Florida officials want to enlist ‘frankenskeeters’ in Zika fight
Jeffrey Smith explains why this is NOT a good idea in his interview with Michael Carroll from Aminewswire.com:
“Scores of Florida state lawmakers last week urged federal health officials to allow the use of genetically modified mosquitoes to fight the spread of the Zika virus.
Opponents of the idea, however, fear that the genetically altered insects, which were developed by a British company, would leave a sting of unintended consequences in the environment.
A proposed field test of the altered mosquitoes, meanwhile, has proved controversial in the Florida Keys, where a mosquito control board has encountered vocal opposition to the plan. The Florida Keys Mosquito Control District has moved to place nonbinding referendums about the trial on two county ballots on Nov. 8 to gauge voter sentiments prior to granting final approval.
In a letter to the secretary of the Department of Health and Human Services and the Food and Drug Administration commissioner, 61 members of the Florida House of Representatives called on the federal government to give the state permission to use modified mosquitoes, dubbed “frankenskeeters” by some, in the battle against the Zika virus.
“If the federal government follows its normal bureaucratic processes, it might take years for Florida to access this technology,” the lawmakers said in the Sept. 6 letter. “Such a delay presents an unnecessary health risk to the people of our state. Red tape is never an acceptable justification for the loss of human life.”
A department spokesman told AMI Newswire that HHS would be sending a timely reply to the lawmakers, but had no further comment.
The company that developed the modified mosquitoes, Oxitec, has reported that their use in the Cayman Islands, Brazil and Panama has led 90-percent decreases in local Aedes aegypti populations — the mosquito species linked to the spread of Zika.
Zika has become a public health concern in Florida because it can be sexually transmitted, and if pregnant women contract the virus, their babies can be subject to birth defects.
To suppress populations of mosquitoes, Oxitec uses a biological technique that doesn’t involve chemical spraying. The company breeds male mosquitoes with a genetic variation that causes their offspring to die before reaching adulthood. So when Oxitec’s modified mosquitoes are released into a target area, they breed with local mosquitoes and drive down the insect populations, according to the company.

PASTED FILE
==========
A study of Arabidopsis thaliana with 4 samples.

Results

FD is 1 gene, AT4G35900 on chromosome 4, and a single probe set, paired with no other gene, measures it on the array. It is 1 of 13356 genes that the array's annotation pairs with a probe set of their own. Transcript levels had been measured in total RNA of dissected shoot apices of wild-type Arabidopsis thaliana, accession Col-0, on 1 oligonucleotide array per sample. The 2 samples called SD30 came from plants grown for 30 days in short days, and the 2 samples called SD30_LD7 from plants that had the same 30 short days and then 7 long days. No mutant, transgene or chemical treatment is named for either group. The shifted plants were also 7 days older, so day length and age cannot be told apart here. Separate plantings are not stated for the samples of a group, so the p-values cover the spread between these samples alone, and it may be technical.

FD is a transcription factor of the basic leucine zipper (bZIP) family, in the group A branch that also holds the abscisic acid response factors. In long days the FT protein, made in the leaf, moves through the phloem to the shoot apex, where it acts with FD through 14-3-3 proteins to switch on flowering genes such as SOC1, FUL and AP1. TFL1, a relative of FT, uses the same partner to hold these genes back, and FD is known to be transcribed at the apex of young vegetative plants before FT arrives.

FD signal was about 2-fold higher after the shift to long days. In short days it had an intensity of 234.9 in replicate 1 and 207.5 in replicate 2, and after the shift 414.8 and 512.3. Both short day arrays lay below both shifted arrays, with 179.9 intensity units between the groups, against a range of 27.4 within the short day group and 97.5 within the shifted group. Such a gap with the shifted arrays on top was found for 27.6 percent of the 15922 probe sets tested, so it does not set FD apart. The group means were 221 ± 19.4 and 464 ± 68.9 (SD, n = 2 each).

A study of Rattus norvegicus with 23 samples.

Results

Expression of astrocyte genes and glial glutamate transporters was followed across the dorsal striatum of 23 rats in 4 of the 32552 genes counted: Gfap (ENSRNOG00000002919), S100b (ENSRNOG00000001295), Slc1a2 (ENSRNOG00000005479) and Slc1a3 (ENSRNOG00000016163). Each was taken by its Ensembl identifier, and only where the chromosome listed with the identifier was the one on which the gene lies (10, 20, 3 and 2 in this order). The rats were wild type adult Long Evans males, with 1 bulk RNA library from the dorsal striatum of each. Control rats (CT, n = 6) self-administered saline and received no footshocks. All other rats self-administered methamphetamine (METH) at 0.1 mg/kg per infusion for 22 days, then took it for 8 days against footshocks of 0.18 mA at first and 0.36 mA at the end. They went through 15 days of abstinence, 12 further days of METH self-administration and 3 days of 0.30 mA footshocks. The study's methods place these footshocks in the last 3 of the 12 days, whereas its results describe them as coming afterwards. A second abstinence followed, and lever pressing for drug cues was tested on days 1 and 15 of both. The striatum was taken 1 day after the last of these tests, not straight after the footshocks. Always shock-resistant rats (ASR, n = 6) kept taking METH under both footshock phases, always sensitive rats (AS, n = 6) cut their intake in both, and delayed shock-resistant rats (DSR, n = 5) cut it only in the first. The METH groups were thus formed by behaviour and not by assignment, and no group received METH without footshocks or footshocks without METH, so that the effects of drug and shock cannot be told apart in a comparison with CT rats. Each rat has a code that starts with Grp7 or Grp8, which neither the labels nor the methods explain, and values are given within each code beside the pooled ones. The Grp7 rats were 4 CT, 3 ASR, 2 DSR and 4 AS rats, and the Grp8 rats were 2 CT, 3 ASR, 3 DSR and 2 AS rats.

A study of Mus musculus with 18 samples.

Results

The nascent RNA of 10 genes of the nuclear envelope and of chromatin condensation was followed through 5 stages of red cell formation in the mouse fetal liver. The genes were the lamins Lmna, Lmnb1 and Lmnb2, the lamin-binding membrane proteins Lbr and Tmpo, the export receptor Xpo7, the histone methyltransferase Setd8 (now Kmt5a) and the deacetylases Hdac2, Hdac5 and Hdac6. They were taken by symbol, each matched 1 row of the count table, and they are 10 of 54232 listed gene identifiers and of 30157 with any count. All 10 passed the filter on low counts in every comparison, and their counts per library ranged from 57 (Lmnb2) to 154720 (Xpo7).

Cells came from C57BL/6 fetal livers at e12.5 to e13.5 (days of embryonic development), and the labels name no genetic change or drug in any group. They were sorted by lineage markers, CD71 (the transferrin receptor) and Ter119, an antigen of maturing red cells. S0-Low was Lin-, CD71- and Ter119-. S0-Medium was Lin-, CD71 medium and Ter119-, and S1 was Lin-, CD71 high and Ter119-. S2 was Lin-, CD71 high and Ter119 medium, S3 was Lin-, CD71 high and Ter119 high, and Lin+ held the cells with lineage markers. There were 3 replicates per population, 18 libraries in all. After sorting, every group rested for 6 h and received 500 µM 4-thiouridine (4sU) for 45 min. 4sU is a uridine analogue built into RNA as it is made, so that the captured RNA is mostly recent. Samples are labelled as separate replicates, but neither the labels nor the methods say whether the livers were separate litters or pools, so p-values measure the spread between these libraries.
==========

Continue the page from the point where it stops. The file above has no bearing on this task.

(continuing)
“Additionally, the males released die within four to seven days, resulting in a proprietary non-persisting, environmentally friendly solution of mosquito control,” a company news release said.
But opponents such as Jeffrey Smith, the executive director of the Institute for Responsible Technology in Iowa, say the release of modified mosquitoes could backfire, resulting in unintended consequences that could harm the state’s economy and environment.
“It’s not rocket science — it’s far more complex,” Smith, an author and consumer advocate, told AMI.
He said that the science of genetic modifications is in its infant stage and that use of modified mosquitoes in local environments has not been sufficiently studied to assure safety.
“They are using this emergency (in Florida) to rush into production this very risky technology,” Smith said.
A number of the modified mosquitoes released would be females — which are the ones that bite humans — due to imperfections in the company’s extraction process, he said. These modified females could contain undetected allergens and create additional problems by biting humans, Smith said.
Furthermore, not all of the offspring created by the mating of modified mosquitoes and local mosquitoes would die off, he said. About 3 percent may survive, as was found in past trials, and that percentage could increase if tetracycline — a common antibiotic — is present in the environment, Smith said.
Thus, the introduction of the modified mosquitoes could permanently alter the gene pool over time, he said.
Other scenarios include the possibility that local Aedes aegypti mosquito populations could plummet, causing other species of disease-carrying mosquitoes to fill the void and creating the same disease risk — or worse, Smith said.
“At the minimum, the company has not done sufficient research to cause numerous scientists and numerous onlookers to be satisfied,” he said.
And even if the modified mosquitoes worked as planned, Smith said, foes of genetically engineered organisms could decide to stay away from Florida in droves, hurting the Florida tourism industry.
A recent FDA environmental assessment of Oxitec’s modified mosquitoes, however, found that the proposed trial in the Florida Keys posed no significant environmental risks. The assessment, which was released last month, was based on a review of thousands of public comments on the project.
“We are confident the FDA, HHS and other government agencies will do everything within their power to ensure the safety of the American people, including making available novel vector-control technologies …” said Hadyn Parry, Oxitec’s chief executive officer, in a prepared statement.